The Austrian Occupation of Novibazar, 1878-1909.
1. ORIGIN OF THE OCCUPATION.
In planning the, occupation of Bosnia and Herzegovina before the Treaty of Berlin, it seemed desirable to Austria to have a foothold in the, Sanjak of Novibazar. A double purpose would be served of thereby, of keeping Montenegro and Serbia apart, and thus hindering the impulse of the Serbo-Croats toward political unity, and of holding the door open for an advance of Austria, if not by political control, at any rate by commercial penetration, toward Salonica. The proposal was brought forward at the session of the Congress of Berlin on June 28, , and despite protests from the Turkish plenipotentiaries, on July 4 and July 10, was adopted on July 11, with no other change than a sentence appended concerning agreement as to details.
2. TREATY OF BERLIN.
Article 25 of the Treaty of Berlin provided as follows:
The Government of Austria-Hungary, not desiring to undertake the administration of the Sanjak of Novibazar, which extends between Serbia and Montenegro in a southeasterly direction to the other side of Mitrovitza, the Ottoman Government will continue to exercise its functions there. Nevertheless, in order to assure the maintenance of the new political state of affairs, as well as freedom and security of communications, Austria-Hungary reserves the right of keeping garrisons and having military and commercial roads in the whole of this part of the ancient Vilayet of Bosnia. To this end the Governments of Austria-Hungary and Turkey reserve to themselves to come to an understanding on the details.
On the same day that the Treaty of Berlin was signed, for reasons which are still obscure, Russia entered into a secret convention with Austria-Hungary binding her not to raise any objections if, in consequence of inconvenience arising from the maintenance of Turkish administration, Austria-Hungary should be brought to occupy Novibazar definitively as in the case of Bosnia and Herzegovina.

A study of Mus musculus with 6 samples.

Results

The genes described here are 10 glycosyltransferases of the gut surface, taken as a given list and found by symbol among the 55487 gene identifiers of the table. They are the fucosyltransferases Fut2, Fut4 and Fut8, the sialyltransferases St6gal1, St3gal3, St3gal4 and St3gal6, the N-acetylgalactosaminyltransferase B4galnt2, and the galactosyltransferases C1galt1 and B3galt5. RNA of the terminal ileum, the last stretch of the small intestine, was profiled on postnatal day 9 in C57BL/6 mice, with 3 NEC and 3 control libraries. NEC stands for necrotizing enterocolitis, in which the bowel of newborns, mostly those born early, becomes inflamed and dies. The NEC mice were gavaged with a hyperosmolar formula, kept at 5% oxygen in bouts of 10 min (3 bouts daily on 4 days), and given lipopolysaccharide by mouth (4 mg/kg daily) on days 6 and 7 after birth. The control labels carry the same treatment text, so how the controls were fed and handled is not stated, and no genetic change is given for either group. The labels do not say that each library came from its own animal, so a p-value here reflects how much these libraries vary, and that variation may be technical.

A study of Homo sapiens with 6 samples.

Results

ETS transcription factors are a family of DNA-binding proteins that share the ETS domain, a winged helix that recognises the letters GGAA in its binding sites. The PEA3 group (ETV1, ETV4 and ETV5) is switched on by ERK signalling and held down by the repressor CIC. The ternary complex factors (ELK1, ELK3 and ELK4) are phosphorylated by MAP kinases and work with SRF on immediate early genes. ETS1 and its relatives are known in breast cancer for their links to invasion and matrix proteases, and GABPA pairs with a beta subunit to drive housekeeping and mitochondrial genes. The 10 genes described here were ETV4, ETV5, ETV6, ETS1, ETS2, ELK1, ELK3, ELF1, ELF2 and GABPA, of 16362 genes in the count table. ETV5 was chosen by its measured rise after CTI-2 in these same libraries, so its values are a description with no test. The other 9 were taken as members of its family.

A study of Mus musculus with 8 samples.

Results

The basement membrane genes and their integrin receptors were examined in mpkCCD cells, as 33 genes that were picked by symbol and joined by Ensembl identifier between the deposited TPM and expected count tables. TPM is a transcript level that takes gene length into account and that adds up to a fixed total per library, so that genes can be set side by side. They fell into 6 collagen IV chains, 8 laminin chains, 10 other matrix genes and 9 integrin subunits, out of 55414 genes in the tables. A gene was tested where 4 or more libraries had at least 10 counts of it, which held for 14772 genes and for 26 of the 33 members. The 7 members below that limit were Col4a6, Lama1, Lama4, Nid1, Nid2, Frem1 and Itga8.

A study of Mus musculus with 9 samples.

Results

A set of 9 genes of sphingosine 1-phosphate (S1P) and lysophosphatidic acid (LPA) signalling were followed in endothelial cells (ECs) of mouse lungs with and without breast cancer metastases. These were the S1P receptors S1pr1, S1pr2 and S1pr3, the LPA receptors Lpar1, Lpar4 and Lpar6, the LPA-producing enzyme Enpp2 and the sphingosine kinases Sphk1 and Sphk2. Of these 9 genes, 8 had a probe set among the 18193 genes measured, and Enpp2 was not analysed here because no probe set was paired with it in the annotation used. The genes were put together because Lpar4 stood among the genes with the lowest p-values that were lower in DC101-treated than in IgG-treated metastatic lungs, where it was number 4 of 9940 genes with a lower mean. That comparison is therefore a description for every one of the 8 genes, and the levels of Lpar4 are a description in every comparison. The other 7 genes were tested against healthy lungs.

3. AUSTRO-TURK1SH CONVENTION OF APRIL 21, 1879.
In the convention of April 21, 1879, between Austria-Hungary and Turkey the Emperor-King undertook to give notice beforehand of the time when his troops should enter the sanjak. Questions concerning their subsistence, quartering, etc., were to be arranged by the authorities and commanders of the two Governments, and all expenses were to be paid by Austria. The presence of the Austrian troops was not to interfere with the function of Ottoman administrative officers, judicial or financial. The Porte might also maintain regular troops, but not irregular, in the same places, "on a footing of perfect equality with regard to their number and military advantages, and the freedom of their movements." Austria would for the time being place troops only at three points on the Lim, namely, Pribol, Priepoliye, and Bielopoliye, to a total number of between 4,000 and 5,000 men.
4. OCCUPATION, 1879-1908.
This very limited occupation began on September 10, l879. Bielopoliye was presently exchanged for Plevlye. The Austrians appointed only one civil official. Good relations were steadily maintained between the Austrian and Turkish officials, largely due on the Turkish side to the friendliness of Ferik Suleiman, pasha for many years in Plevlye. The area garrisoned by the Austrians was after a time set off as a separate sanjak (that of Plevlye) by the Turks. The inhabitants of the sanjak had no affection for the Austrians, but nothing occurred to disturb the situation for almost 30 years.
When the question of railways was taken up actively early in 1908, Baron Aehrenthal asked permission of the Porte to survey a railway through the sanjak from Uvats in Bosnia to Mitrovitza. The Serbians presented as a counter proposal, with the support of Italy and Russia, a line across from the Danube to San Giovanni di Medua. Action was prevented by the outbreak of the Turkish Revolution.
5. TERMINATION, 1908-1909.
October 5, 1908, Austria announced the annexation of Bosnia and Herzegovina. The Porte protested, and Turkish popular opinion was expressed by a boycott on all Austrian goods. Austria withdrew her troops from Novibazar on October 28. After long negotiations the Young Turk Government was obliged to conform to the situation, and in the, treaty of February 26, 1909, Austria obtained the cession of Bosnia and Herzegovina, but renounced a11 her rights in the Sanjak of Novibazar. In the course of the next few weeks, the powers signatory of the Treaty of Berlin consented to the abolition of the 25th article.
The reasons which led the Austro-Hungarian Government to withdraw from Novibazar are not fully known. It is believed that Italy demanded withdrawal as the price for Italian recognition of the annexation of Bosnia-Herzegovina, and that the Austrian general staff reported the true strategic line of advance toward Salonica to lie along the valley of the Morava in Serbia.
Source: Anderson, Frank Maloy and Amos Shartle Hershey, Handbook for the Diplomatic History of Europe, Asia, and Africa 1870-1914. Prepared for the National Board for Historical Service. Government Printing Office, Washington, 1918.